We are all actors
Another artist I've looked at closely and can find inspirational although I haven''t really worked in a similar way is Jeff Wall but I'm looking at producing work in a similar way.
In his interview he talks about being asked about the notion of staging within his photographs.
" A gentleman came and asked about the staging of the people in the photograph,, and Jeff very politely commented " I don't stage, I work with people." ' -Thierry de Duve ( quoting Jeff Wall)
I don’t make sets, I wanna be a bit of a sticky about this vocabulary for a reason phtoography is still being id d as an art form i dont believe we really do know it as well as we know painting,… we’ve had painting for a thousand years and its part of our tradition. - Jeff Wall 08:30
The replica that becomes a document that vanishes into the picture to me its a dialectic, lets say a movement inside of our experience, our aesthetic experience... art is made essential to be an experience it's an experiential thing .... and it's also a judgement of quality. Jeff W
During that interview linked above Jeff Wall talks about his strong objection to his work being called fake or false. To paraphrase in very blunt terms Wall walks us through our cultural understanding of 'reportage' work. Which loosely defined is generally accepted as work made with no interaction or collaboration ( even with the most minimal of interaction this is still achievable in my opinion as I've mentioned previously). I also agree with Wall's words on the viewers job in interpreting the image. Thierry de Duve quotes Wall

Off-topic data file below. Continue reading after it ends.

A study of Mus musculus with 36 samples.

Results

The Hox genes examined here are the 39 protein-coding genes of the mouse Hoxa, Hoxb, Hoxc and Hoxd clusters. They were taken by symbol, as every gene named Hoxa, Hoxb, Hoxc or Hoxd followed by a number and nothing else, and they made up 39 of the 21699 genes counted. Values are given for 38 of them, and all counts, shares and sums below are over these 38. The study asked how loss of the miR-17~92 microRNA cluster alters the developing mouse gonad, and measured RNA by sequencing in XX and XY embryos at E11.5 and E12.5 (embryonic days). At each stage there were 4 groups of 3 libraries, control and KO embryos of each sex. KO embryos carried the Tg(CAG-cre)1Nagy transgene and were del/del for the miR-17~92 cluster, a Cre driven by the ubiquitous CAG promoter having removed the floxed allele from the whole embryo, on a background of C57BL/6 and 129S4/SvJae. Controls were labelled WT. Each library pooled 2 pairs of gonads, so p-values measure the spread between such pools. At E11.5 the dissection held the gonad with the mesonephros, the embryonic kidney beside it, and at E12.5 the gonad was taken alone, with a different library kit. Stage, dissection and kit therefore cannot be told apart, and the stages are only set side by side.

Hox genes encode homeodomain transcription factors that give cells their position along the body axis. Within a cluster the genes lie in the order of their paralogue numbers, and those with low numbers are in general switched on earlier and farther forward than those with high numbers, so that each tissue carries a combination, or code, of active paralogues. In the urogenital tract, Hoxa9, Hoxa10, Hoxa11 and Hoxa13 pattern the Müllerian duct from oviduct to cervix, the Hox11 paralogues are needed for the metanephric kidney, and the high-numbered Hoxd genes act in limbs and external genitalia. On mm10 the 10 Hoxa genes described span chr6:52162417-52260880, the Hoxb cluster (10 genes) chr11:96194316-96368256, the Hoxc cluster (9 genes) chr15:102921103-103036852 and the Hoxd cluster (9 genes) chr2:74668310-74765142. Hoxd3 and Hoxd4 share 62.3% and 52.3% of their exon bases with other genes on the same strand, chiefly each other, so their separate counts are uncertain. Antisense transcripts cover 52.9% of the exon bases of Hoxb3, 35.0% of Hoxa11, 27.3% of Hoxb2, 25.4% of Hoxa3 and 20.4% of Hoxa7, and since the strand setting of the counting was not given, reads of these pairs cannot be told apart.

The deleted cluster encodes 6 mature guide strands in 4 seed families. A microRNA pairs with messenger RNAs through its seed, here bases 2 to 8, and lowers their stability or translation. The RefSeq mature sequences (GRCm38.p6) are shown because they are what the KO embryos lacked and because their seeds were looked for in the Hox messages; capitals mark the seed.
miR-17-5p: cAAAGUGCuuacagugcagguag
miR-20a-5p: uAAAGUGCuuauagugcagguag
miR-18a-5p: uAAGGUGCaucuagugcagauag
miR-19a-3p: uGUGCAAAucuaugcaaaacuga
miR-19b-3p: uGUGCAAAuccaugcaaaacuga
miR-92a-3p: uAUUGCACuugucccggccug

The only narrative element in the picture is supplied by the viewer not the director or screenwriter. 35: 28
I really enjoy how Wall employs his relationship with cinema and how we decode images and motion with this sense of narrartive and search for meaning. The idea that the viewer brings their realty to the image. It is subjective albet Wall embracing that but also defending it as documentary and not fake is something I can support. As he mentions he is different to film directors and or screen writers in the sense he using people and their behaviour even if they are acting, by getting non trained actors to do tasks over and over and stripping away the performance the left over results are a document of the behaviour.
This is enough for me to abandon any defence of a photograph being ‘really real’. The term itself ‘really real’ means different things to different people. For example a photograph of a book could prove the existence of a book to a viewer and although the cover could resemble a book they own the pages could be empty in the photographed version. It’s not proof of anything, our problem comes becuase we’ve culturally grown and evolved over the lifetime of photography.
It’s inventors and creators had intentions using it for ‘scientific recording’ and trying to do objectively and the problem with the audience behind with photography’s perculiialr quality to render the world with such life like appearance unlike any other medium that came before it. How could something that looks so real not be true? Fast forward to today and the amount of digital imagery around let alone the amount of digital manipulation it’s hard to decipher what is truthful ( although photographs cannot be completely truthful because of the flawed nature in which a photograph has to be made ( with a human at some point of the process) and what is not.
Photographs cannot be completely truthful and thats ok to me. It’s a medium of expression, it can have elements of truthfulness but cannot be an objective record. I use it as a record of my opinion and thoughts both inwardly and self reflective and outwardly. In both cases they are my opinions and ways in which I look at the world with parts of it out of my control and other aspects within my control. Objectivity in a photograph is impossible.